The Book of Lenny
Jonathan Marshall's artwork and video illustrate a mythic journey that's *cough* Star Wars *cough* strangely familiar
Reviewed by Salvador Castillo, Fri., Nov. 23, 2007
'The Book of Lenny'
Art Palace, through Nov. 24
"The Book of Lenny"
In a house-cum-gallery, on the east, Eastside of town ...
Finely crafted drawings and sculptures illustrate a bearded fellow, a man in black, and a growling bear guiding a young hero aboard a rickety vessel. *Cough* Star Wars *cough*. A video elucidates the mystical meetings where Lenny, our everyman, receives a Weirding module, lightsaber, and the One Ring – oh wait, I mean a sextant, a stargazer, and a flag to initiate his journey. A fluent conversation unfolds as the bear snarls nonsense and Lenny whistles a vaguely familiar tune in response. Later at night, the Man in Black suddenly appears and maintains a Cheshire Cat smirk, until he, just as suddenly, disappears. And so we watch Lenny pedal his boat off into the unknown of the horizon.
The Star Wars comparison is only a half-rib. It is documented that George Lucas heavily referenced Joseph Campbell's work in his popular space opera, and Campbell's hero-myth formula is also evident in Jonathan Marshall's show, as well as in the monumental narratives used by some of Marshall's contemporaries – Seth Alverson and Chronicle contributing illustrator Peat Duggins, both of whom have shown at Art Palace, immediately come to mind. Reading the press release for "The Book of Lenny" before the show's opening, descriptions of a postapocalyptic setting suggested a revisiting of Alverson's barbaric setting. Peat Duggins, another artist I accused of riffing on the Skywalker saga, described a colorful set of characters that manifested in drawing, sculpture, and video. Justin Boyd's recent run at the Arthouse Texas Prize featured an installment of a multichaptered project spanning the same three mediums but mining an expansive history from geographic landmarks focused on a more factual odyssey. At the beginning of the year, the Blanton Museum's WorkSpace presented the final installment of an apocalyptic trilogy by Matthew Day Jackson, whose intertwining of autobiography and history helped point to some ideas of social reconciliation.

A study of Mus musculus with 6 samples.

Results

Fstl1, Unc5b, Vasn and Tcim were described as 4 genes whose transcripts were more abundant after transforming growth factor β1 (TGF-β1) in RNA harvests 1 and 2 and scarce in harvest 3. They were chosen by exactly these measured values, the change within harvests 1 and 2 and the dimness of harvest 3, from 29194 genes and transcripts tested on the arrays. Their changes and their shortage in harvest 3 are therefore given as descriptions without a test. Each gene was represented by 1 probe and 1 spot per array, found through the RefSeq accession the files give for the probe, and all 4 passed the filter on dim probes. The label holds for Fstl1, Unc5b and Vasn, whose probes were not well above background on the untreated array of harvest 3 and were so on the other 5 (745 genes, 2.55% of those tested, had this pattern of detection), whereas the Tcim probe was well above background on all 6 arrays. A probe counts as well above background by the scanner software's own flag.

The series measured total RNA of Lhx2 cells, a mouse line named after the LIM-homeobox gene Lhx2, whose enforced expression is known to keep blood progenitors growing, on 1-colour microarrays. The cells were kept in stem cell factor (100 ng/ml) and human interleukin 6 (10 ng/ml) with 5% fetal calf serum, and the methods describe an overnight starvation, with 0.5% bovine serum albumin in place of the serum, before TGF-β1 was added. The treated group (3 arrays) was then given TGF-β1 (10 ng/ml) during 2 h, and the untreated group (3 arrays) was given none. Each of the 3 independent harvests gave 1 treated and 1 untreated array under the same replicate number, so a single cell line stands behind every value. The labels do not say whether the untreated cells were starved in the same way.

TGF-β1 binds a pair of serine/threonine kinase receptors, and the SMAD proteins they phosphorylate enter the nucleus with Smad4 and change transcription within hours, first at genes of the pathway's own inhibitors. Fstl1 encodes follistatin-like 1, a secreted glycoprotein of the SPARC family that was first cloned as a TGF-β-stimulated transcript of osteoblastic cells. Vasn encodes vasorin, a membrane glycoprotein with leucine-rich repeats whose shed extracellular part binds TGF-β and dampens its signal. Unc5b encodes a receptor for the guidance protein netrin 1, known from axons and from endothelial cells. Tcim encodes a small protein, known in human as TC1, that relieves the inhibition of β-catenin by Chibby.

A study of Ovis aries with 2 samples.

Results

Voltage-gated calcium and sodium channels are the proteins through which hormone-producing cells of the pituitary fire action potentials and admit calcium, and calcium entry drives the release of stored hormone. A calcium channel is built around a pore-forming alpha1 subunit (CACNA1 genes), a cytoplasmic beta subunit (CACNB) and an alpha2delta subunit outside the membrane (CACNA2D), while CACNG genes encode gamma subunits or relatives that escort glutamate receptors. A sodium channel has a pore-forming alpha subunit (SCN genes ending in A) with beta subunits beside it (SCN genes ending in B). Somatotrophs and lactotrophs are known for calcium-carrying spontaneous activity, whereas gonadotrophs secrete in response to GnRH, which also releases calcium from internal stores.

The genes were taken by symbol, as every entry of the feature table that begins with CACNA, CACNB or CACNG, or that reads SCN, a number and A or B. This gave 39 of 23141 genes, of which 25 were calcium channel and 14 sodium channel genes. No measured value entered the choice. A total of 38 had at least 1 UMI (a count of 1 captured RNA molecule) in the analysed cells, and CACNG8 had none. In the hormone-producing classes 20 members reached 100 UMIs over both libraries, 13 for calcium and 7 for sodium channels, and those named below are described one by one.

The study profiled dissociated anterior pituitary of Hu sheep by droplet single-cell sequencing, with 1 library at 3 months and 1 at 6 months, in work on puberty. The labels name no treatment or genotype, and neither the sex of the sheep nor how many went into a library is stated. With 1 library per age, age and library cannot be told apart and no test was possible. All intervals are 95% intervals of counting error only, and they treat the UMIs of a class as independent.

I am willing to bet that none of these artists has experienced anything like the war and poverty of the early 20th century that affected J.R.R. Tolkien, Robert E. Howard, or any of the Jewish immigrants who Americanized their names before creating today's iconic superheroes. So what drives our young artists to address, sometimes directly, historical and current events in the form of elaborate "alternate" worlds employing multiple incarnations? Well, if they grew up on a diet of Hasbro-, LJN-, and Mattel-licensed products as I did, then I have an idea. Unable to tackle a defensive lineman for real, we're Monday-morning quarterbacks who do so playing Madden NFL on the PlayStation. This is a form of play given to us through licensing and merchandising. We create parallel worlds where we have ultimate control, and our reign can be as destructive or benevolent as we wish.
In "The Book of Lenny," the boat is very much part of the main installation, but the other sculptures in the exhibit feel less useful. They are situated as relics or props of the video production. It's almost like the "Star Wars: The Magic of Myth" exhibition that visited Houston six years ago. But let's not get too cynical yet. Marshall has chosen the side of good as he has Lenny accept the call, and the rubble in the side gallery appears to be fodder for the construction of the bike boat. The characters are helpful thus far, ushering in the call in the drawings and providing tools to guide Lenny. Colorful laser lines seem to have become prevalent elements in art, and in the gallery they point toward Lenny's horizon. Just as Sam and Frodo crossed the Anduin without the Fellowship, "Lenny" embarks on the next chapter of the trilogy. So you know there's gonna be a box set.